Photos: Shetland News

AN ANIMAL skull recently unearthed in the Nesting area is being examined to determine whether it is from the extinct Shetland grice pig.

The skull, found underground while a trench was being dug for drainage, features what appears to be pieces of fat, as well bristles.

The Shetland grice was an indigenous pig, complete with tusks, which was common in the isles for centuries but later became extinct, with reports of it being last known in Shetland in the late 1800s.

There are no remaining examples of a full Shetland grice skull.

Edinburgh-based Dr Andrew Kitchener from National Museums of Scotland, however, said judging by photos it may unlikely to be from a Shetland grice – with question marks over the size of its snout.

There is a possibility, he said, that it could be the skull of a pig with grice ancestry.

The skull was initially found a few weeks ago by a friend of Tom Jamieson working on an old house.

Jamieson was also working in the area and noticed the dug up skull, covered in mud looking like a “cannonball”, after it was set aside on a stone wall for a couple of weeks.

Some of the teeth were sticking out of the mud, though, sparking Jamieson’s interest.

He helped to remove the outer layers, revealing the skull underneath.

“I saw the teeth in it and then I realised straight away what I thought it was,” Jamieson said.

“I’ve found jawbones before but never a complete skull.

“We were finding fat residue and all this organic material on it – you can even see the bristles on him as well.”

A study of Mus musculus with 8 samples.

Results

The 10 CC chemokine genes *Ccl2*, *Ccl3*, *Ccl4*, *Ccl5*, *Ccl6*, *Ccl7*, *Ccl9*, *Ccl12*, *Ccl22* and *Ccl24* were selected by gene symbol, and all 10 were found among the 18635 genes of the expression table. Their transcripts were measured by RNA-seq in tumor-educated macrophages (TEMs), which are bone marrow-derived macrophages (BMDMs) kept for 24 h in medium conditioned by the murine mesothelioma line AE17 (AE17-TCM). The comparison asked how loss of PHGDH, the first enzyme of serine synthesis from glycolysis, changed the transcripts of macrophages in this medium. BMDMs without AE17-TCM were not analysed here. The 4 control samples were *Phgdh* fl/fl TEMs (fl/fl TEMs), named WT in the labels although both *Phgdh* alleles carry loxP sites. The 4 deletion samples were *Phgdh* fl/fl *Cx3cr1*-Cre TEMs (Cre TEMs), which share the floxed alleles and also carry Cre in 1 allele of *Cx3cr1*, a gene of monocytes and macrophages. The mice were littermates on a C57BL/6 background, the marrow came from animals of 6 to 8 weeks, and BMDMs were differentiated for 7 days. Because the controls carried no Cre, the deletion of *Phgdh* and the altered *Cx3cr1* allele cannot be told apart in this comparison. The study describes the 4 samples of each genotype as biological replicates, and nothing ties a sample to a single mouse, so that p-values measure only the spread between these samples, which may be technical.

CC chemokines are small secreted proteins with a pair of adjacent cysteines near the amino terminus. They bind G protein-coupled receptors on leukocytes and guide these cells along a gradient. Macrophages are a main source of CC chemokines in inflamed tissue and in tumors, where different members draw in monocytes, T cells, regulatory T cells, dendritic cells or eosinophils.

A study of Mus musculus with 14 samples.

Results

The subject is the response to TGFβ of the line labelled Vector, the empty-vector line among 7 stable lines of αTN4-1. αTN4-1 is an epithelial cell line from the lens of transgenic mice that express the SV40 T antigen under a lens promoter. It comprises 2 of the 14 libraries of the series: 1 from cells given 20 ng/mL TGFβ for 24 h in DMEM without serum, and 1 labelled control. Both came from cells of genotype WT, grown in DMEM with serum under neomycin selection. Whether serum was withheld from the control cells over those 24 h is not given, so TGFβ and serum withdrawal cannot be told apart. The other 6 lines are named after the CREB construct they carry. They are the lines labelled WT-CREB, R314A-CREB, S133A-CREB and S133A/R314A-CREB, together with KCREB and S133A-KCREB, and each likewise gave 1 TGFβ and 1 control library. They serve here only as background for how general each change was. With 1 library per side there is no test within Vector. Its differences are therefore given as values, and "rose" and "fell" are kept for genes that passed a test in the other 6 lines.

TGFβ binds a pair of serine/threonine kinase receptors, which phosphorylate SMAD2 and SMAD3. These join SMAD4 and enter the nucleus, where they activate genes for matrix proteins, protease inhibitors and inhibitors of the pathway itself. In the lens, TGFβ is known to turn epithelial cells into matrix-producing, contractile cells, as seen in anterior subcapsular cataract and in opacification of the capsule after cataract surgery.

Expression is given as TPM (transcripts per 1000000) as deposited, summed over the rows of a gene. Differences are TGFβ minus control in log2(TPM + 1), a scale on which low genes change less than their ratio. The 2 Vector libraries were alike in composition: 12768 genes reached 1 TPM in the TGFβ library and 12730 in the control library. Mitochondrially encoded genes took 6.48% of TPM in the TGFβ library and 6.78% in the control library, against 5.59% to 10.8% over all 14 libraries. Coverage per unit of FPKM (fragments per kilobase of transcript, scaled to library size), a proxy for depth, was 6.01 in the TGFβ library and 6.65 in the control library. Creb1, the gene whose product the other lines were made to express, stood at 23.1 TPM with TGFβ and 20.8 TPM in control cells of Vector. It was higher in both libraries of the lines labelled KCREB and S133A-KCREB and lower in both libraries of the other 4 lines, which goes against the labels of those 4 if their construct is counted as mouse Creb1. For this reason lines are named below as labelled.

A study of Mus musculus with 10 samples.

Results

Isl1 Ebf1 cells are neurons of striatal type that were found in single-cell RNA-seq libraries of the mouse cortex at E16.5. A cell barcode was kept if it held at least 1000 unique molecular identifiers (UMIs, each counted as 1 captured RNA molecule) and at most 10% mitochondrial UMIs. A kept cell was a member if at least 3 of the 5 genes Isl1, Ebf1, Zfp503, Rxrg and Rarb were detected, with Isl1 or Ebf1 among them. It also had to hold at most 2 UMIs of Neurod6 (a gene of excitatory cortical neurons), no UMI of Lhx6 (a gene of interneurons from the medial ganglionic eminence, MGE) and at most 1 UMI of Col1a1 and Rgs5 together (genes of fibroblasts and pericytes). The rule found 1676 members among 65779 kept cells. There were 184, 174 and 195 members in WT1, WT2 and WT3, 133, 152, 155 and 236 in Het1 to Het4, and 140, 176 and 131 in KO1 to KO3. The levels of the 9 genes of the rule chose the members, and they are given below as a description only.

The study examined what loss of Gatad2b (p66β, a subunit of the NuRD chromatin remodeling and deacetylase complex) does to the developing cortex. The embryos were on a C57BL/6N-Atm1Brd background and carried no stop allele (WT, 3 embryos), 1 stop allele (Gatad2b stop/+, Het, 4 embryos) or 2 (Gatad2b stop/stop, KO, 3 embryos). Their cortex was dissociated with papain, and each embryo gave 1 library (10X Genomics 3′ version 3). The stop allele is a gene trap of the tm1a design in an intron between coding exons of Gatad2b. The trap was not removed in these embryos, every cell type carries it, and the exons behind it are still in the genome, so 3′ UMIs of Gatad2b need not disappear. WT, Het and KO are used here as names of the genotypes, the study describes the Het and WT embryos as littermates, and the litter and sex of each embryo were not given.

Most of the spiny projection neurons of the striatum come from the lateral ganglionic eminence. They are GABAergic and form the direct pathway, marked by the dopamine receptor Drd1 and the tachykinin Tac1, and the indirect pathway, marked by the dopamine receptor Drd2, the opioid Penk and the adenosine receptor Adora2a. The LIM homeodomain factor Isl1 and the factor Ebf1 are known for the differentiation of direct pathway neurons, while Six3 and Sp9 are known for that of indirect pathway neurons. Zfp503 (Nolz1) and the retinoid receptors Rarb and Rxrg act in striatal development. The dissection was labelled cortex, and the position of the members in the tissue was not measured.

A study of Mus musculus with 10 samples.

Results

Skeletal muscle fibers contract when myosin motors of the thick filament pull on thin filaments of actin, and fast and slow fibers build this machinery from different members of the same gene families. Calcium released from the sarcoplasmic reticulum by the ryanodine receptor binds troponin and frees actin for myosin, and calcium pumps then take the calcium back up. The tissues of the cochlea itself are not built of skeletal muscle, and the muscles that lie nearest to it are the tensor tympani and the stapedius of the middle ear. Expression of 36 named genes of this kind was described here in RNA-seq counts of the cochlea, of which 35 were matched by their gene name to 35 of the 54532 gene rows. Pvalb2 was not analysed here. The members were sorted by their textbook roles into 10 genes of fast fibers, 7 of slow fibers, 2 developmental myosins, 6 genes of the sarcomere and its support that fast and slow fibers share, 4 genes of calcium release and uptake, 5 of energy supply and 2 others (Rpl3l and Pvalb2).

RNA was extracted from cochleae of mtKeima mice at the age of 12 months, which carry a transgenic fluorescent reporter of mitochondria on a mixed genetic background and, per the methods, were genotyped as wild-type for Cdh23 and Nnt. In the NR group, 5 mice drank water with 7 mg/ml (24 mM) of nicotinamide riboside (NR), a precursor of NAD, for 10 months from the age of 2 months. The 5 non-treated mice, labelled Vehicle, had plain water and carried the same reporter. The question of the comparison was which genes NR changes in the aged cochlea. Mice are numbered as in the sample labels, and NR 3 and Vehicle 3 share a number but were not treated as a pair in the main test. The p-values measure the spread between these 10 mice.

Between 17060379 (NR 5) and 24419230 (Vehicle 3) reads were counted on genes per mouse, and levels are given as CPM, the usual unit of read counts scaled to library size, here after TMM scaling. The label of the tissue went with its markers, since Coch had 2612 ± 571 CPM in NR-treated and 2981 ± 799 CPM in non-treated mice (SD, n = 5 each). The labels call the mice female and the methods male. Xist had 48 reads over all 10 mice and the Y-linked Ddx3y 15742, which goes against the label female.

He said it would be an “amazing” find if it did turn out to be the skull of a grice.

Museum staff, both locally and nationally, are now involved in figuring out the skull’s origins.

Dr Kitchener, who is the principal curator of vertebrates in the department of natural sciences at National Museums Scotland, said he is unsure at this stage whether it is indeed the Shetland grice.

There are no preserved specimen of a grice for comparison.

“It is very difficult to know whether any pig skull found in Shetland is a grice, because as far as I know there are no preserved specimens for comparison,” he said.

“However, from the few descriptions that do exist, it would seem to have had a long snout similar to the reconstruction of a grice in the Shetland Museum.

“If so, then this skull is unlikely to be from a grice, because the snout is very short.

“It does look more similar to the skulls of modern breeds of pig.

“Of course the last grice were probably interbred with modern pigs and so perhaps a genetic analysis of this skull could reveal whether it had grice ancestry.”

More measurements of the skull, which is currently wrapped in tinfoil in Jamieson’s freezer, are set to be taken this weekend.

A model of a grice was made for the opening of the Shetland Museum in 2007, but it was based on documents and historical records.

The grice was domesticated and kept for food, but it was said to have had an angsty character – with reports of it attacking lambs.

They are said to have been introduced to Shetland by Viking settlers.

Local man Neil Anderson, meanwhile, who is a keen collector of skulls, said it would be a “unique” discovery if it turned out to be a Shetland grice.

He said they were mostly kept in the hills, with plenty of regulations around them.

Anderson added that grice bristles were used to strengthen rope.